Power plant gas leak scare
The Ngawha geothermal power station near Kaikohe has been declared safe after a buildup of pressure in a safety valve and the possible release of pentane gas.
"There was 30,000 litres of pentane in the system," Peter Heath, spokesman for plant operator Top Energy, said.
"The safety valve operated and we think it released some of it.
"We don't know at this point how much, if any at all. That's part of the investigation we're undertaking."
The investigation would look for the reason the safety valve operated, Heath said.
"The pressure valve would have opened to the atmosphere, [but] whether it actually released anything into the atmosphere we're not sure."
The plant shutdown happened about 5.30am and the Fire Service declared it safe at 7.30am.
Pentane was lighter fluid and had a very low flash point.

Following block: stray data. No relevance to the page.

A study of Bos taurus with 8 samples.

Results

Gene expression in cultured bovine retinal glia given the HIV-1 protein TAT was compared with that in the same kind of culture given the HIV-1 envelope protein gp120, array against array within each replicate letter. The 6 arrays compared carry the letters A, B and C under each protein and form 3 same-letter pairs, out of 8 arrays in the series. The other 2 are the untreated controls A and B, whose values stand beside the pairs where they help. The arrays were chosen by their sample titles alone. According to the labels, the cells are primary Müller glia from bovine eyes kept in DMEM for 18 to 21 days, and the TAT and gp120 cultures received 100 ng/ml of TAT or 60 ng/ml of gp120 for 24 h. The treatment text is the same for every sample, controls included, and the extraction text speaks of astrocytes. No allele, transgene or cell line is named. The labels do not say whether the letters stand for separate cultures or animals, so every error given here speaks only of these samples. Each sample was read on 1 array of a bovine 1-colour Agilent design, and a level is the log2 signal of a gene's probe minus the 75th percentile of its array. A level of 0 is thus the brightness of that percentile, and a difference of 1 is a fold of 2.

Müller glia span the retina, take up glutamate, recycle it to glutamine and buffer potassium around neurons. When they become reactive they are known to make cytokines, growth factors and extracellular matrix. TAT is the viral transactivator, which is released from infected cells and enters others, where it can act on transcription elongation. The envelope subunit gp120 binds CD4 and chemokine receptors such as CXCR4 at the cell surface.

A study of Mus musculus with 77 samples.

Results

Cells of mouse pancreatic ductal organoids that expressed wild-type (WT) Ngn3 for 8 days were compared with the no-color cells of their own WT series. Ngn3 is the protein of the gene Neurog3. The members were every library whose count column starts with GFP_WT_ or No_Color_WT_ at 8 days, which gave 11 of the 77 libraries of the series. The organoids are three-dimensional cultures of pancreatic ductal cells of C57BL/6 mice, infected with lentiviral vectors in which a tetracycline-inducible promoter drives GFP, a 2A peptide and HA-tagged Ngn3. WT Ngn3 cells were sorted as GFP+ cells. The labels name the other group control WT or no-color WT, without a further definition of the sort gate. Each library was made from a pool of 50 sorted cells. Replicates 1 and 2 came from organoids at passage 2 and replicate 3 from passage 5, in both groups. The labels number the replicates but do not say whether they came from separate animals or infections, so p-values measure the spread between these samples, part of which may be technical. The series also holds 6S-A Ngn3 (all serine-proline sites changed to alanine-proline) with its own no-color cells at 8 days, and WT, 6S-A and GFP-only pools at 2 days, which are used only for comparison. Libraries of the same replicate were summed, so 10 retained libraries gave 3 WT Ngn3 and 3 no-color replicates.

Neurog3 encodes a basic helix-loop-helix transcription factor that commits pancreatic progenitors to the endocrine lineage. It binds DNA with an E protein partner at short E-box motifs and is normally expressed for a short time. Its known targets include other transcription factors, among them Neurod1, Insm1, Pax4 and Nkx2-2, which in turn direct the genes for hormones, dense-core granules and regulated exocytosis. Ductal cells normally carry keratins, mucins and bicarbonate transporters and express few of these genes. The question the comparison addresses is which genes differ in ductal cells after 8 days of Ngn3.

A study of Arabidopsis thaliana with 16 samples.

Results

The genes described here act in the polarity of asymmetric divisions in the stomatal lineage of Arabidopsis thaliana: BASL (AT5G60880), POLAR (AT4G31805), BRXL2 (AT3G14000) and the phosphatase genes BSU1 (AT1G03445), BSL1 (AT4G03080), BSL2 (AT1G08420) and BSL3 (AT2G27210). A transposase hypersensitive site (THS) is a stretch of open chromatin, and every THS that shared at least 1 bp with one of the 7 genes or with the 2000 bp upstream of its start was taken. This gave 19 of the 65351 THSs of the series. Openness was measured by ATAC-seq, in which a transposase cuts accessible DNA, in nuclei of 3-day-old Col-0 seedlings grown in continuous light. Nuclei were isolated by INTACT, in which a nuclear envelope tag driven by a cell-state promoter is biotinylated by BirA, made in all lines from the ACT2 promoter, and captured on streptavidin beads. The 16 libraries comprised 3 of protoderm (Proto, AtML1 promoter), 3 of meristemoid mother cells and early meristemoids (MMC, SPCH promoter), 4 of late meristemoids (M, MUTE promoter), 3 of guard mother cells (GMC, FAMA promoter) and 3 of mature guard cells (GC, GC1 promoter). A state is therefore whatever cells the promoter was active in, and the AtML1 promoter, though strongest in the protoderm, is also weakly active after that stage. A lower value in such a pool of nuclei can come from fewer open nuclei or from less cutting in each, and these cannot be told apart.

"It catches fire very easily. It doesn't take much heat or much friction to create a spark," Heath said.
"If pentane had been released there could have been a potential risk of explosion."
If any had been released into the atmosphere, it would have dissipated. The power station was also in the middle of a large forest.
The way the incident was dealt with was "pretty much a textbook exercise", Heath said.
"There was one guy on site," he said.
"The alarm went off. He did exactly what he should have done. He closed it down. He called the Fire Service."
Emergency services were called to the geothermal station following a report of an explosion.
However it was no more than a loud bang, Top Energy chief executive Russell Shaw said.
"We are concerned that this incident occurred but delighted that our emergency procedures appear to have worked as they should have," Shaw said .
"We're particularly proud of our duty staff member and the local fire service who ensured that this was a textbook response to the incident."